Atlas mugged: What's wrong with Ayn Rand

More than half a century after publication, and after years of talk about an Atlas Shrugged movie project, Ayn Rand's best-selling novel finally hit the big screen– met with indifference by most critics, with excitement in libertarian and conservative circles. Why now? Partly because the last two years have seen something of a Rand revival, based on the belief that the Atlas vision of a bleak, collectivism-ridden, freedom-stifling future America is a prophecy for the age of Obama.

As a moderate libertarian conservative with a longtime interest in Rand's work, I have mixed feelings about this revival. I believe that Rand is underappreciated and often unfairly maligned. But I also fear that the current Rand vogue often focuses on the worst, not the best, aspects of her legacy– and will widen the gap between Rand acolytes and non-believers who see her as the evil guru of the right.

Part of the problem lies with the book itself. Contrary to her detractors' claims, Rand was a writer of high and unique talent. Atlas is among the worst of her works. Most of the characters are either demigods or vermin. The plot suffocates under endless speechifying, with every point hammered over and over. The earlier novels, We the Living and The Fountainhead advance Rand's ideas but allow for shades of gray and sympathy for flawed characters. In Atlas, the ideologue has all but crushed the writer.

The film, which covers the first of the novel's three parts, suffers from the same problems. It describes railway executive Dagny Taggart's struggle to save the family business from assorted scoundrels, including her own brother, and of her romance with unhappily married industrialist Hank Rearden. It's fairly standard prime-time soap material, except that the good guys rhapsodize about property rights, competence, and individual achievement, while the baddies babble about sensitivity, feelings, and helping the needy.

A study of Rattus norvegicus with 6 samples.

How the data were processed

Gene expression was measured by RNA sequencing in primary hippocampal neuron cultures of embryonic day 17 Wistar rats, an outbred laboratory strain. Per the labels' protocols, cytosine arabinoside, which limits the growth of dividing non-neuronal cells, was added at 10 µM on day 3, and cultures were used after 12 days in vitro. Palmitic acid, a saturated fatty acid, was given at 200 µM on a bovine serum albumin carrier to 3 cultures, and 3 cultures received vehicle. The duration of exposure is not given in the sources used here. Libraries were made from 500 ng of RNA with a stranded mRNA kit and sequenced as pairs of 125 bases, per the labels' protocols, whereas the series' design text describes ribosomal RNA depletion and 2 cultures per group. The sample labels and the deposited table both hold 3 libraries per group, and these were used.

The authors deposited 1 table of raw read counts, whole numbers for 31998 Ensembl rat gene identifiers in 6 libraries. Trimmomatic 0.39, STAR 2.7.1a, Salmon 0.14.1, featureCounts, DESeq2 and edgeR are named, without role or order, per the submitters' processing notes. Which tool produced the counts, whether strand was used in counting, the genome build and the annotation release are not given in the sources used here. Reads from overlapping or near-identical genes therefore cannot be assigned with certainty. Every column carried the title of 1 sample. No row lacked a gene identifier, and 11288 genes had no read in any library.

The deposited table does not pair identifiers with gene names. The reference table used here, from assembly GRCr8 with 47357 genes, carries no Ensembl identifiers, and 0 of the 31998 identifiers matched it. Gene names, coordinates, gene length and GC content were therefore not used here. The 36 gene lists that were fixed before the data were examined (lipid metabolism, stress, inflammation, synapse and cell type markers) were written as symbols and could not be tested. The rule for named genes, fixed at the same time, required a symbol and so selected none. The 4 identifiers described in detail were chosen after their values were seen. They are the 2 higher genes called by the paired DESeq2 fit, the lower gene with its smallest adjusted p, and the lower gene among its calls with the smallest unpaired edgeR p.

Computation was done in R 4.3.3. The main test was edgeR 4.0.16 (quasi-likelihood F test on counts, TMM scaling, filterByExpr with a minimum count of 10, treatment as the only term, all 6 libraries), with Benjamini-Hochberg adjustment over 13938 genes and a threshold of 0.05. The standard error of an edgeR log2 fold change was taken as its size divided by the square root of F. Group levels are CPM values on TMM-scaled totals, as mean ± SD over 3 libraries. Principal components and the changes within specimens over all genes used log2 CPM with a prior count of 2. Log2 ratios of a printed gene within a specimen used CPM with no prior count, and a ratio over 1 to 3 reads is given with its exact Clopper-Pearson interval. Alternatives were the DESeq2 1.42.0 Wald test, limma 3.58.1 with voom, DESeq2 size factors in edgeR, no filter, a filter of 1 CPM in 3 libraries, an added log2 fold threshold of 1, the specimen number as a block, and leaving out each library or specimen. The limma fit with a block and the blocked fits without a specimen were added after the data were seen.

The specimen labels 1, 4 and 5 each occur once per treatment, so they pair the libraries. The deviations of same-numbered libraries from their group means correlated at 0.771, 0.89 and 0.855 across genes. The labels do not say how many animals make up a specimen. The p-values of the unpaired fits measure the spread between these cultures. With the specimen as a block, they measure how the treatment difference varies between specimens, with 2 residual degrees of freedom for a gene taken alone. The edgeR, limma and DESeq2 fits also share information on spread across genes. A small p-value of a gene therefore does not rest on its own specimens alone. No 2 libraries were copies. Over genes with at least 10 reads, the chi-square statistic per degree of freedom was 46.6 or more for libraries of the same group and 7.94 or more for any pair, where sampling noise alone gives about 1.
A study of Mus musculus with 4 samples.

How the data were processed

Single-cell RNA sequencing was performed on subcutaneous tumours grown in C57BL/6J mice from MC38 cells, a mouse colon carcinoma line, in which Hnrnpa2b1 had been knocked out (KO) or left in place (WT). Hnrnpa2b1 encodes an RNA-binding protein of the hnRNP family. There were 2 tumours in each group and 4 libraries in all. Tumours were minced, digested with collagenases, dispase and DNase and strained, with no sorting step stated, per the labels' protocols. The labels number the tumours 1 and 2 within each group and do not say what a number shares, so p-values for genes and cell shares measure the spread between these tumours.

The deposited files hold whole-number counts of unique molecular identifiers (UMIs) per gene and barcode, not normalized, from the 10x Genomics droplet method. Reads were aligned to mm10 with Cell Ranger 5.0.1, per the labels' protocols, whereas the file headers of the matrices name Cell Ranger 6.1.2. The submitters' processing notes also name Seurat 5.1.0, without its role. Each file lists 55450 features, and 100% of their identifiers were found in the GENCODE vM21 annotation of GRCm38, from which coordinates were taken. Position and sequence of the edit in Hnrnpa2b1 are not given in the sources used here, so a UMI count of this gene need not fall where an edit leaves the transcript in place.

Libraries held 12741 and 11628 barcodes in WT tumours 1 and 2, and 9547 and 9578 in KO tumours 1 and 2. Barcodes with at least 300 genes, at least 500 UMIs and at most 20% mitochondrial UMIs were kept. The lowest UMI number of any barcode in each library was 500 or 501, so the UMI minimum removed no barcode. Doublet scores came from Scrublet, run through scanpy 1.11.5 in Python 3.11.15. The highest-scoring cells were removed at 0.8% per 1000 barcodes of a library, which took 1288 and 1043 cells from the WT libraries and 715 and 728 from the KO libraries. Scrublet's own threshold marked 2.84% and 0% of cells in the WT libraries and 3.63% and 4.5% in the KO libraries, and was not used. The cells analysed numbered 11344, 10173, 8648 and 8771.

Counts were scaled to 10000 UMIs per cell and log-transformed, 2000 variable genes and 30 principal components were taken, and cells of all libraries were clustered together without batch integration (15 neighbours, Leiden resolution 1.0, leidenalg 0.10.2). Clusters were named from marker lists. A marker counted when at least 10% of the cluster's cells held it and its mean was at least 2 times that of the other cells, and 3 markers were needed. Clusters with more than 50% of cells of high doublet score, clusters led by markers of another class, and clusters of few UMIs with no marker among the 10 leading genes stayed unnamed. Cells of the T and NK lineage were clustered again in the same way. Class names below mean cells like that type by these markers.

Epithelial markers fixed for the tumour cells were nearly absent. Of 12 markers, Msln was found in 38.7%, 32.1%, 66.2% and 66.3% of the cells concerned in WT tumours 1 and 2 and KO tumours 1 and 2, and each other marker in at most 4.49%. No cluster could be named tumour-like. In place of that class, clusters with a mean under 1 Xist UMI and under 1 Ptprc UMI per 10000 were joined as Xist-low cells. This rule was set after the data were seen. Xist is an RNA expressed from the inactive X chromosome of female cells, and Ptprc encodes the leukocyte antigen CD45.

In this way, the movie plays to the worst caricature of Rand's philosophy– as an excuse for vulgar materialism and greed unfettered by moral constraints. In fact, some of the most contemptible villains in the book Atlas Shrugged are businessmen whose pursuit of self-interest involves seeking unfair and dishonest advantage over competitors rather than offering the best product. Rand also stresses and celebrates the spiritual aspects of economic creation– something the Atlas movie actually captures well in the scene in which Dagny and Hank ride a high-speed train on the rail line they have built. More broadly, Rand's challenge to the assumption that altruistic goals are inherently noble, and her passionate defense of the moral foundation of economic and individual freedom, remain compelling.

However, Rand's vision also has severe limitations, including her low regard for charity and family– two institutions most conservatives, and many libertarians, regard as essential complements to the free market. In pure form, her philosophy would work perfectly if people were never helpless and dependent on others through no fault of their own. Unsurprisingly, many young Rand fans move on when concerns with family, children, and aging make such a worldview seem untenable. For some, Rand becomes a gateway to more sensible small-government beliefs.

But there is a more serious problem with Ayn Rand – one that, unfortunately, makes her too good a fit for today's political environment. She consistently and viciously demonizes the people and ideas she disagrees with, reducing them to grotesque caricatures and easily shredded straw men.

The evil bureaucrats of Atlas Shrugged, for instance, argue that even when steel production is at disastrously low levels, Rearden can't be allowed to produce too much of it since it would disadvantage other steel companies; or that, even if his new metal is perfectly safe, it would be a "social danger" because it is so superior to other products. Many Rand fans apparently believe that a world in which such arguments win the day– in which the government can rapidly pass draconian laws to curtail competition or prohibit an individual's ownership of more than one business– bears a strong resemblance to the United States under the Obama presidency. If so, it doesn't say much for their sense of objective reality– a much-vaunted Randian virtue.

Amid the collectivist pieties of the left and the religious pieties of the right, Rand's message of individual liberty and achievement could have been a welcome alternative – if stripped of its extremism, paranoia, and ideological intolerance. Unfortunately, it is precisely those qualities that are likely to resonate today.

Cathy Young (a contributing editor at Reason magazine) is a columnist at The Boston Globe, where this essay first appeared. She is the author of "Growing Up in Moscow: Memories of a Soviet Girlhood."